Author(s): Jack Dempsey
Publisher: Simon & Schuster (2015)
Among the legendary fighters in Western Boxing history, one stands out as Boxing’s first Knockout King. Born as William Harrison, “Jack” Dempsey, also known as “Kid Blackie” and “The Manassa Mauler”, was an American professional boxer, who became a cultural icon of the 1920s.
On Independence Day in 1919, Jack Dempsey had his first big break—a fight against the man who, at that time, held the World Heavyweight Champion title, Jess Willard. Nicknamed “The Great White Hope,” Willard was literally a giant in the sport, who stood an intimidating 1.99m tall and weighed 107kgs. No one in the Boxing world thought that Dempsey, who was only 1.85m, 85kgs, stood a chance. Despite his enormous disadvantage in size, Dempsey destroyed Willard with his superior speed and punching power, knocking the bigger man out in the third round to earn the World Heavyweight Champion title.
In 1950, Jack Dempsey penned Championship Fighting: Explosive Punching and Aggressive Defense, which has become a classic among books on the subject of Western Boxing. Like other books on the subject, Dempsey covers subjects, such as Footwork, Range, Hooking, Uppercuts, as well as general defensive concepts, such as Evasion, Feinting and Drawing. However, there are a few subjects that Dempsey covers that make this book quite different from others and of particular value to those both inside and outside of Western Boxing.
In the chapter, “Differences Between Fist-Fighting and Boxing”, Dempsey points out some clear distinctions between the use of strategy and tactics on the street, rather than in the ring. This chapter is much-needed “food for thought” for many martial artists, who have far too much sport mixed into their self-defence training.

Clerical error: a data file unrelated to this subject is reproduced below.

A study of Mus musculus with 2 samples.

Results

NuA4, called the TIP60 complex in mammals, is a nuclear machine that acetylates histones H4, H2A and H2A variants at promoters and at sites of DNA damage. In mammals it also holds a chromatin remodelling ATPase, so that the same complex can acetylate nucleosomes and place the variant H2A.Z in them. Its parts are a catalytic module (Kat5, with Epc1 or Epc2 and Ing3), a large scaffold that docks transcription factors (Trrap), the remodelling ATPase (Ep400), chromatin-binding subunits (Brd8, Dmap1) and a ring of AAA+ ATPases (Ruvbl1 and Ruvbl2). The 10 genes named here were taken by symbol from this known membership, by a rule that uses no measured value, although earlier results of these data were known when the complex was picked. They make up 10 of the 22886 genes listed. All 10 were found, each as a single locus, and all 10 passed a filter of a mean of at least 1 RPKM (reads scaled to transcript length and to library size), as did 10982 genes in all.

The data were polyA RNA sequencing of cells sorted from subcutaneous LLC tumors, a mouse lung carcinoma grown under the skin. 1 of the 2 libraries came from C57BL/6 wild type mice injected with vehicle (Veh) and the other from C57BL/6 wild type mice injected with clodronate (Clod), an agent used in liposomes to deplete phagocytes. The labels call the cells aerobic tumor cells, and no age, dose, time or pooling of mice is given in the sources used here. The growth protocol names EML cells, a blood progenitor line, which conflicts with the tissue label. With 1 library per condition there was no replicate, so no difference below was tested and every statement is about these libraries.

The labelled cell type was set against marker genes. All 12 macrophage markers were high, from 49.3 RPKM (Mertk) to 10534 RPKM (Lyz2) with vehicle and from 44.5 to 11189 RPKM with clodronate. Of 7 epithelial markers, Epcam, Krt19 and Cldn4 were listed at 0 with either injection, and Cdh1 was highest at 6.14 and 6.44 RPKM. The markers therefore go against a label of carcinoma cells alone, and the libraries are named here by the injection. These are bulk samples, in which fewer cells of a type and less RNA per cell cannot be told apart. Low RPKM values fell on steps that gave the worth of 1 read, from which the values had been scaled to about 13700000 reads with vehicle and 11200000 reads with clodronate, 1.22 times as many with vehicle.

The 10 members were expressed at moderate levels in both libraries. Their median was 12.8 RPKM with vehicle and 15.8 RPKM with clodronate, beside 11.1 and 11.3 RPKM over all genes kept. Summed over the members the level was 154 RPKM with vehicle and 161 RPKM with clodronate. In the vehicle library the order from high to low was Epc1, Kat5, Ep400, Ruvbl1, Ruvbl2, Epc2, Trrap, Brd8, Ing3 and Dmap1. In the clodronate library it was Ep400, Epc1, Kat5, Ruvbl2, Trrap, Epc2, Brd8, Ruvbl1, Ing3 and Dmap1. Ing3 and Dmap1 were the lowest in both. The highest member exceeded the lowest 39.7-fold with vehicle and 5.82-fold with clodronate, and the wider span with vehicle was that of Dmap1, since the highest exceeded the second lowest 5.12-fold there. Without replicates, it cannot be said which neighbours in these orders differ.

The Wing Chun practitioner will find this book particularly interesting, due to Dempsey’s explanation of what he calls the “Straight Jolt”, which is his understanding of the most practical power structure for delivering a punch.
The Wing Chun student will quickly realise that Western Boxing’s first “Knockout King” was delivering his punch in exactly the same structure as that of our beloved art of Wing Chun. Unlike the corkscrew-like punch thrown by modern boxers, Dempsey’s punch was short, direct and vertical in structure—just like the Wing Chun punch. The striking surface was the middle two knuckles and the knuckle of the little finger, not the index and middle knuckle popular with most boxers. Dempsey states, “At least nine of every ten fellows who try to box never become good punchers, because they never learn how to make their arms and fists serve efficiently as conveyors and exploders.”
Dempsey describes in detail the components of the explosive punch that made him the “Kayo Kid.” In the chapters, “What is a Punch”, “The Falling Step”, “The Power Line” and “Relaying and Exploding”, he explains the key components that helped him develop a tested and proven “man stopper” in a fight.
Championship Fighting: Explosive Punching and Aggressive Defense is a classic among old school boxers and has much to offer the modern martial artist. Personally, I believe that at the cover price of US$17.00, no martial artist’s library should be missing this treasure.